Progesterone improves outcomes for victims of traumatic brain injury

A new study suggests that giving progesterone to victims with Traumatic Brain Injury (TBI) shortly following brain injury may reduce the risk of death and the degree of disability, and appears to be safe.

According to a study by Emory University researchers, progesterone treatment for TBI has been extensively studied in laboratory animals for more than 15 years and has been shown to reduce brain swelling, prevent nerve death and improve functional outcomes.

As the results were so impressive, the research team felt it was time to take the treatment to the bedside for testing in patients who had suffered a serious brain injury.

It is estimated that 1.5 to 2 million people in the U.S. sustain a TBI each year, leading to 50,000 deaths and 80,000 new cases of long-term disability.

It is also a major cause of death and disability among children and military personnel.

Despite the enormity of the problem, scientists have failed to identify effective medications to improve outcomes following a TBI and no new medical therapies have been developed for traumatic brain injuries in over 30 years.

Although it is classed as a "sex steroid," progesterone is also a neurosteroid that exerts protective effects on human tissue.

It is naturally present in small but measurable amounts in the brains of males and females.

Laboratory studies suggest that progesterone is critical for the normal development of neurons in the brain and exerts protective effects on damaged brain tissue.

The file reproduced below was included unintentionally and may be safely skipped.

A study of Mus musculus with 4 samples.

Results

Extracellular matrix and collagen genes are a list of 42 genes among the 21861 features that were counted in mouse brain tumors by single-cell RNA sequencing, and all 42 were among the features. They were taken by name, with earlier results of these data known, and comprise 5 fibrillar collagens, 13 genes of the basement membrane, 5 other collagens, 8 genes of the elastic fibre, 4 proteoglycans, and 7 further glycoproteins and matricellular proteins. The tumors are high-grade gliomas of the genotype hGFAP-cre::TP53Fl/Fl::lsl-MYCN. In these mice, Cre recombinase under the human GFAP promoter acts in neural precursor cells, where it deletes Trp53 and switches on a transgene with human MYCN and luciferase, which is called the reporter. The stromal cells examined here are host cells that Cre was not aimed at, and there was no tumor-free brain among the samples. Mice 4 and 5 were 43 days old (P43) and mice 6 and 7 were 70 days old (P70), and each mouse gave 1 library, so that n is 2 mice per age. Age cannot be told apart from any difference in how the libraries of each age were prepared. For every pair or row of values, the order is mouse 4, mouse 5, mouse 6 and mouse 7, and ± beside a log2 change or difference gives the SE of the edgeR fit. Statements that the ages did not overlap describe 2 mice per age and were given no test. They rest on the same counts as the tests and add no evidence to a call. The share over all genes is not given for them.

In a phase II three-year pilot study, called ProTECT ("Progesterone for Traumatic brain injury--Experimental Clinical Treatment"), the Emory researchers enrolled 100 participants who reached the emergency department within 11 hours of injury, in order to evaluate whether progesterone can be administered intravenously in a reliable way, and whether the treatment is safe to use in humans with TBI.

People enrolled in the study had a "blunt" traumatic brain injury, which typically occurs from a car accident, motorcycle crash or a fall, and lead researcher Dr. David W. Wright and colleagues randomly assigned the patients to receive an intravenous dose of progesterone or an inactive "placebo."

The death rate in the 30 days after injury was 13 percent in the progesterone group compared with 30 percent in the comparison group indicating that progesterone cut the risk of death by 57 percent.

No serious side effects were seen with the hormone or with the placebo.

Progesterone is a promising treatment because it is inexpensive, widely available and has a long track record of safe use in humans in treating other diseases.

Wright's team was able to contact 92 percent of patients who survived 30 days and saw evidence that progesterone improved the recovery of patients with moderate brain injury, however those patients with severe injury seemed to glean no benefit from the hormone.

The authors say one-year outcomes will be reported later.

The research team is now planning a large, multi-center, phase III clinical trial designed to test the effectiveness of progesterone in 1000 patients with TBI.

They also hope to study the effects of progesterone treatment in animal models of blast-related brain injury, a major cause of death among combat personnel, along with a study of progesterone treatment in pediatric brain injury which is a leading cause of death and disability in children.

Animal research at Emory and elsewhere also indicates that progesterone may limit the damage from transient and permanent ischemic stroke and the Emory researchers hope to initiate a similar pilot clinical trial to study the effectiveness of progesterone or a progesterone metabolite to treat patients with acute stroke.

The research is published in the Annals of Emergency Medicine, October 2, 2006.